Understanding Scotland’s Economy and Labour Market
29. Scotland’s recent economic performance has proven resilient in the face of domestic and international challenges. Economic growth remains below the pre-2008 recession trend but has kept pace with the UK throughout 2018 and into 2019 (Figure 3).
Figure 3: GDP growth compared to same quarter last year (%), 2016-2019
Source: Scottish Government (2019), ’GDP Quarterly National Accounts, Scotland 2019 Quarter 1’.
30. However, Scotland and the UK’s economic performance has lagged behind the Euro area since the 2016 Brexit referendum. Although annual economic growth (GDP) for the UK and the Euro Area is expected to broadly converge in 2019, forecasts for economic growth in 2020 show a growing divergence between UK GDP growth and the Euro Area, OECD and World averages (Figure 4).
Figure 4: Real GDP growth, annual (%), out-turn and forecast, 2015-2020
Source: OECD, ‘Real GDP Forecasts’, accessed on June 2019.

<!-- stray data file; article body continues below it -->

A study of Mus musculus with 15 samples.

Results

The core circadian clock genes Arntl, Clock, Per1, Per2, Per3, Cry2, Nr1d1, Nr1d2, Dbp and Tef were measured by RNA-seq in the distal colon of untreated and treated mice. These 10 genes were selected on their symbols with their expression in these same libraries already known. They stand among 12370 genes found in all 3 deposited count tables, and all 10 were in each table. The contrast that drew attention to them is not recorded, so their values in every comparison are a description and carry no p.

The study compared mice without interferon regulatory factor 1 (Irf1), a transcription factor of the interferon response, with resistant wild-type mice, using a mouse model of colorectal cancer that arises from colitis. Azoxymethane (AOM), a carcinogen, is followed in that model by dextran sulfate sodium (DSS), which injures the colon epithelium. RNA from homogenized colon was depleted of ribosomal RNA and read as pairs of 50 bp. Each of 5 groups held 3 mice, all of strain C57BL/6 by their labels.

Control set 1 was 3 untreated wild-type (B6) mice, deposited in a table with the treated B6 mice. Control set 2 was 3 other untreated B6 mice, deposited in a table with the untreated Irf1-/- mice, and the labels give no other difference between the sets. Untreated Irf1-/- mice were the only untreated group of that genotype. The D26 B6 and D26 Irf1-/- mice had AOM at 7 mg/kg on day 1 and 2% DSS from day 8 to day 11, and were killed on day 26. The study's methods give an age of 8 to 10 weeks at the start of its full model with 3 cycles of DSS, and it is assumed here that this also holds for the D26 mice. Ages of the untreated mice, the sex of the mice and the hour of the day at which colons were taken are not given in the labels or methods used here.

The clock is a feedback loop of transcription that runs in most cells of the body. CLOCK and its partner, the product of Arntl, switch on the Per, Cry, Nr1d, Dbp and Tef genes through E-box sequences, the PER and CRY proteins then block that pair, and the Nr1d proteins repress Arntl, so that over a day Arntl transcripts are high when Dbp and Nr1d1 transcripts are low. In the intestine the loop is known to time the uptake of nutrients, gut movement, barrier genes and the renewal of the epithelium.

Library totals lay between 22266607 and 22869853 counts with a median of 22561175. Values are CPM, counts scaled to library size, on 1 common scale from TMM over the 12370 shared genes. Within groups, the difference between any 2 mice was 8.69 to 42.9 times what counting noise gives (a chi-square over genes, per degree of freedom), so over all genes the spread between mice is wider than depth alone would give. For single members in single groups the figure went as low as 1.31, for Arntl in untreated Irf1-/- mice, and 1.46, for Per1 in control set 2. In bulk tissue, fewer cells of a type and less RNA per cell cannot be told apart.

31. Despite this recent period of economic uncertainty, Scotland’s labour market has proven especially strong compared with historical trends, breaking records on employment (75.9%, Feb-Apr 2019) and unemployment (3.2%, Jan-Mar 2019).
32. In the past decade, there have been intervals where Scotland’s employment rate has outperformed or underperformed compared with the UK. However, broadly, Scotland’s employment rate has closely tracked the UK’s (Figure 5).
Figure 5: Employment rate (16-64) %, 2009 to 2019, UK and Scotland
Source: Office for National Statistics, Labour Force Survey, Apr-Jun 2019.
Figure 6: Employment rates %, (15-64), Q4 2018
34. For some other key labour market indicators, Scotland has outperformed the UK in recent times. The employment rate for women in Scotland reached a record high in Feb-Apr 2019 (72.7%) and has been equal or higher than in the UK in almost every monthly labour market release for the past 17 years.
35. At 6.1%, youth unemployment (ages 16-24) in Feb-Apr 2019 in Scotland was also lower than any other time on record and substantially lower than in the UK (10.3%, ages 16-24, Feb-Apr 2019).
36. In summary, headline economic and labour market indicators show Scotland’s economy to be in a relatively strong position. However, there are existing and emerging challenges for our labour market with particular implications for our skills system but also inclusive growth, through the five outcomes of productivity, population, participation, people and place.